The fleet of delivery androids stationed at the Union can be seen all around campus. Now, with a $2 delivery fee and an app, students can beat the lines and deliver food from several north campus locations.

Robots begin delivering food on campus

The delivery robots designed and built by Starship Technologies line up in front of the NAU Union Fieldhouse for their debut, March 25.

According to the senior vice president for business development at Starship Technologies Ryan Tuohy, the fleet of a little over 30 robots began their university services at George Mason University (GMU) of Virginia this past January.

“When we saw the increasing success of the robots at GMU and how well students and faculty there took to the service, we decided to move quickly and find another campus in the United States that would be open to partner with us,” Tuohy said.

Sodexo, NAU’s campus food service, suggested Northern Arizona University to Tuohy. Though the easy accessibility of campus caught Tuohy’s eye, NAU’s robotics presence and innovative voice convinced him that it was the right choice for Starship ’s next campus launch.

If students take to this new approach of food delivery service as GMU students did, Starship will have to increase the number of robots on the NAU campus in order to meet demand, according to Tuohy.

Regarding the actual process of ordering food, Touhy elaborated on the specifics.

To order from Starship’s robots on campus, students, faculty and staff must download the Starship Deliveries app on their mobile phone. From there, the app will notify users of which restaurants are available to them at that given time.

“Right now, customers can choose between Einstein’s, Star Ginger, The Wedge and a few other eateries located north campus,” Tuohy said. “The university is going to expand options within the next week or so.”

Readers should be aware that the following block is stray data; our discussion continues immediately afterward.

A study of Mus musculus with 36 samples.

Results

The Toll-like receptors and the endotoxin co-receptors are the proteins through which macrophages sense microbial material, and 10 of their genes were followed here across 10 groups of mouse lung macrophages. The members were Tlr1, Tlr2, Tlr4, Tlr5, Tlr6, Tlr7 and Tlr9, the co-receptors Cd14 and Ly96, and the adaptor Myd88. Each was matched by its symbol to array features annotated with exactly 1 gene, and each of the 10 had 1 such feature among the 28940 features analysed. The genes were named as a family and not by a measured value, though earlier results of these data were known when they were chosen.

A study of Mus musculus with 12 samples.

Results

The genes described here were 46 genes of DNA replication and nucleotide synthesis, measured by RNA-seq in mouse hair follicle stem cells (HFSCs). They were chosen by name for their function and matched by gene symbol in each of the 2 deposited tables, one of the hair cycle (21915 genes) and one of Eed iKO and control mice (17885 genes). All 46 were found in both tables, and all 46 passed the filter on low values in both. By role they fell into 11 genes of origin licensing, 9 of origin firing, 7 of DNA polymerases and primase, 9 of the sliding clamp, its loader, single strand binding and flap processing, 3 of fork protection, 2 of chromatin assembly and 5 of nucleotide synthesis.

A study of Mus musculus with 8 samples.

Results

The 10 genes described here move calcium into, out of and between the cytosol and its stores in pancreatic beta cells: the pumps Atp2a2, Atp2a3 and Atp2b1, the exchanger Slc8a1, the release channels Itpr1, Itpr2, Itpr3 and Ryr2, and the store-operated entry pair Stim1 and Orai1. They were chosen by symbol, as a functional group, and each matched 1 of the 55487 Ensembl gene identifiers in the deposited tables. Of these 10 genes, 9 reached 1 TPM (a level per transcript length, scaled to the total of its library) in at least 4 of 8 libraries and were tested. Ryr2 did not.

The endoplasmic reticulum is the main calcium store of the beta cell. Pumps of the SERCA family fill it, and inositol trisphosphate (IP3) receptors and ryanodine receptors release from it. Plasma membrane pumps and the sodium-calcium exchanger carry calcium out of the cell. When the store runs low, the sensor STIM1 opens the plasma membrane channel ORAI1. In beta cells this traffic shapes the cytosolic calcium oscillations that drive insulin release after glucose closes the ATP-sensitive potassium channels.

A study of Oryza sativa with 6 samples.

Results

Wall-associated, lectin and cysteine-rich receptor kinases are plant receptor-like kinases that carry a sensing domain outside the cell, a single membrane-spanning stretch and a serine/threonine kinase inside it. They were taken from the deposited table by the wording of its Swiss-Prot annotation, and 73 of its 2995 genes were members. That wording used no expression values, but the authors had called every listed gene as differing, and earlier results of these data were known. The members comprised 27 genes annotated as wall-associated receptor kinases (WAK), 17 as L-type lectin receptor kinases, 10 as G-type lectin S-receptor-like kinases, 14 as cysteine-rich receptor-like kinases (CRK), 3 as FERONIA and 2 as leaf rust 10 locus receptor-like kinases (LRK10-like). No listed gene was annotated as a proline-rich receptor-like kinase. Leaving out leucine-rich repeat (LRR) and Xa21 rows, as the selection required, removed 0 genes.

Users then customize their order just as they would be able to do while ordering at a counter. According to Tuohy, the app then allows you to either define a specific point where users pick up their food from Starship’s robots. Users may also choose between predefined points of pick up if desired.

“Whether it be a dorm area or a nice grassy lawn in the sun, a Starship robot can deliver your order to you with a delivery fee of just $2,” Tuohy said.

When the robot arrives at the spot of pick up, users will get a notification. To open the actual container portion of the android, all customers must do is tap its surface with the phone they ordered from and take their meal out of the bot.

“We try to make the process as easy and as inexpensive as possible. After all, you don’t need to tip a robot,” Tuohy said.

NAU Resident Dining Manager Ben Hartley is optimistic that the robots will benefit students as well.

According to Hartley, many students are hesitant to join the long lines found in front of various campus restaurants during the day. With the Starship delivery fleet now available to anyone on campus, the dining manager is hopeful that students will gain better access to food options.

“The robots will grant students better admission to their dining options on campus.”